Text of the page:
Labor Day is coming! Whether you live in Los Angeles, CA or Souderton, PA, the holiday will soon be here. Even your crusty chronicler has it off from his day job BUT without pay! Hence, another reason for y’all to READ all my articles here on joltleft.com! Anyway, to celebrate the day your screwy scribe has once more come up with a potential playlist of tunes appropriate for the day. Here in no particular order are the songs:
“Takin’ Care Of Business”—Bachman Turner Overdrive: This one is from the BTO 1973 platter Bachman–Turner Overdrive II. It was written and performed (in an earlier incarnation) by Bachman while he was still in The Guess Who. This is such a groove-propelled piece that even white guys can dance to it. it has a genuine white-collared vibe and speaks of the perhaps timeless concept of working one’s life away for” the man”.
“A Hard Day’s Night”—The Beatles: The inspiration for this song came from a remark Ringo Starr made to a DJ:”We went to do a job, and we’d worked all day and we happened to work all night. I came up still thinking it was day I suppose, and I said, ‘It’s been a hard day… and I looked around and saw it was dark so I said, ‘…night!’ So we came to ‘A Hard Day’s Night.'” So not only is this title track from the film soundtrack appropriate it also fills the bill nicely as the required Beatles-related track.
“She Works Hard For The Money”—Donna Summer: This one is on a couple of favorite lists. It also adds not only a different genre but a female vocalist to the mix as well. Not sure why anyone would want to work all day and then go out and dance on city streets but whatever. (The word when this first hit the stores was the song was about a “working” girl. Guess some guys were never told that one never pays for what he can get for free.)
“Take This Job And Shove It”—Johnny Paycheck: This one throws some classic crossover-country into the mix. It’s also obviously appropriate. Paycheck speaks for every guy or gal whoever punched a time-clock, dug a ditch, cleaned a bedpan or worked in ANY thankless job. It is the penultimate “work sucks!” songs on a day when people are not SUPPOSED to be working.
“Working Man”–Rush: This is another “blue collar” cut. It’s also one of the tracks that broke rush in the US. When was the last time you played any Rush music on a holiday anyway?
“I’m Out Of Work”—Gary U.S. Bonds: This was a big hit for the artist. In 1982 it went to number 21. Considering the current state of American unemployment figures, this, too, is very appropriate for the day. (Your crusty chronicler is just glad he is not a member of the unemployed bunch.
“Workin’ For A Livin'”–Huey Lewis and The News: Hey, the song’s title says it all. Lewis specialized on writing songs for the average guy. This is about having to work for a living although despite all the high unemployment figures your quite-often cranky critic comes across plenty of people who have jobs but just don’t seem to actually WORK or certainly do their jobs effectively.
“Maggie’s Farm”–Bob Dylan: Dylan does a song about one specific workplace. In this classic Dylan discusses a unique tale of employee-employer relations. When was the last time you had Dylan on your holiday mix anyway?
“Career Opportunities”–The Clash: Here is a band that was all about the working class. They were generally pro-labor or pro-union. (As if the musicians union is anything like a real workers union, but, I digress . . .) Again, you don’t hear a lot of clash cuts in music mixes nowadays.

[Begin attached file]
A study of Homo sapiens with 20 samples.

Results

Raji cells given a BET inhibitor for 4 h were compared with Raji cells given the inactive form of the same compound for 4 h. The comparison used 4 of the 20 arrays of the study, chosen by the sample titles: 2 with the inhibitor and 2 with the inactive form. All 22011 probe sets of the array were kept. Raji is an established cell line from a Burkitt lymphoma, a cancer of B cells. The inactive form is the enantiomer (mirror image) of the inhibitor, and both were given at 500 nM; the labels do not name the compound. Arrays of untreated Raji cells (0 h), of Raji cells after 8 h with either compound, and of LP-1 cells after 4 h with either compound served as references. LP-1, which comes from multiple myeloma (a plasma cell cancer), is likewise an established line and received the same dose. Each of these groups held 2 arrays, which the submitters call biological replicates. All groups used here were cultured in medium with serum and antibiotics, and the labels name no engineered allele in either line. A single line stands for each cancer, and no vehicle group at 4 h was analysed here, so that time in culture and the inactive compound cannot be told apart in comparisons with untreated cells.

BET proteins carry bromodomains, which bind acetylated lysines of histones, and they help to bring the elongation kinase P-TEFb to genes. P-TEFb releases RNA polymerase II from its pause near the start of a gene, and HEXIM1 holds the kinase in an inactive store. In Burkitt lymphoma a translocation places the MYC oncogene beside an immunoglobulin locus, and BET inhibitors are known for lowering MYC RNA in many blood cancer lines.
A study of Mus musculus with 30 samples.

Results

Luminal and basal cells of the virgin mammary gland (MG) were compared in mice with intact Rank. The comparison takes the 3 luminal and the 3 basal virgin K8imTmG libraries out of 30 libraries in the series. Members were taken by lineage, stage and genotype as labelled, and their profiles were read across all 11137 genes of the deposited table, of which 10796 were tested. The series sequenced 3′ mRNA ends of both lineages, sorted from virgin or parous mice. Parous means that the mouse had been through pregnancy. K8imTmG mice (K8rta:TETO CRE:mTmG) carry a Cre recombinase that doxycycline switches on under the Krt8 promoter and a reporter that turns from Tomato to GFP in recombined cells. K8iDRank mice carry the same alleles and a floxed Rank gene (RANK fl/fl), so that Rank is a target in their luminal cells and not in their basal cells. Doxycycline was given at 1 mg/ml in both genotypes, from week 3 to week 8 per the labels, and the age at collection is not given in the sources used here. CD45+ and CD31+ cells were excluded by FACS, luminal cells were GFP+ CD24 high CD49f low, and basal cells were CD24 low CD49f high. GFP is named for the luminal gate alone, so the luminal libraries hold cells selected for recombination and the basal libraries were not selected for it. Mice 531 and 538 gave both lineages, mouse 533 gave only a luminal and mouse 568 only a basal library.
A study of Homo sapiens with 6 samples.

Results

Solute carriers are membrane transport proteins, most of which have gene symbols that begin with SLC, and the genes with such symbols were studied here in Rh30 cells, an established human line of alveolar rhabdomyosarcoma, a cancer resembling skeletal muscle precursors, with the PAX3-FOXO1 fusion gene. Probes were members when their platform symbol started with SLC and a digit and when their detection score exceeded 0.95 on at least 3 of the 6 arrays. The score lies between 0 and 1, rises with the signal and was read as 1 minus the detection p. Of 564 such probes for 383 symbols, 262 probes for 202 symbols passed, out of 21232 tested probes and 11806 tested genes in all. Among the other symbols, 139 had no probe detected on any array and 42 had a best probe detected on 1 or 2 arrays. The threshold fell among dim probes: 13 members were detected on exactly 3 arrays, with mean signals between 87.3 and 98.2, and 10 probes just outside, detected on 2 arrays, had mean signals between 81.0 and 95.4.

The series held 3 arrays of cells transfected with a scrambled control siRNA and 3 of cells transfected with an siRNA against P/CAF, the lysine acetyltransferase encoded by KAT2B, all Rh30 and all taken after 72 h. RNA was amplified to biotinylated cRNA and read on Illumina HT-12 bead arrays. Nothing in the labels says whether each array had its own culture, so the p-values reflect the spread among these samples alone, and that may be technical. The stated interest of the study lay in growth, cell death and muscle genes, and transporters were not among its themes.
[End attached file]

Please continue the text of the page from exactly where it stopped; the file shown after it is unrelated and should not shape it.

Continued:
“The Corporate Stomp”–The Bones of Contention: here is an act that not everyone has heard of, OK? This is plain, old, rock ‘n’ roll. It adds something new to the mix and is a favorite of those who know of the band. There may not be a music video for it but it will add some originality to your playlist.
“Welcome To The Working Week”–Elvis Costello: My “baby-momma” likes Costello. Additionally, and more importantly, this is a great favorite of many music fans out there—especially when it comes to work-related tunes. No one ever noticed that Costello included this song as the lead-in to his premiere platter. Yeah, welcome to the work week—something I won’t have to deal with anymore because I’M a rock star now.
“Let’s Work”–Mick Jagger: This Jagger tune is almost as good as some Rolling Stones tracks plus it speaks directly of working. This, in fact, is Jagger’s “How To” tune for those of us who are NOT frontmen for one of the oldest rock bands in the world. There are plenty of places near yours truly’s house that could yield better results if they would play this tune for their employees, in fact!
“Working For The Weekend”—Loverboy: This was one of the band’s few real hits. It was and perhaps still is one of the best “looking-forward-to-Friday” kinda cuts. This one speaks to drinking Friday night and sleepin’ in late Saturday instead of just complaining about how much the job sucks.
“Rise Again”—Laurel Blaydes: This is a favorite of another online critic. It is both inspiring and appropriate. It also throws another woman into the mix. It’s all about variety. It might be hard to find but it wil fit in just fine.
“Working Class Hero”—John Lennon: This is not only a classic working class tune but it has some interesting insights to boot. For example, Lennon wrote: “Keep you doped with religion, sex, and TV” back before Cable TV was even invented! (Of course, when he got older he pretty much camped in front of his own TV in The Dakota for a few years but, I digress . . . again . . .)
There you have it, boys and girls. There’s plenty of room here to throw in your own personal favorites as well. Mix and match and have some fun. Have a happy Labor Day! Work hard and then get pregnant (or impregnate someone). That should cover BOTH kinds of labor!
My name is Phoenix and . . . that’s the bottom line.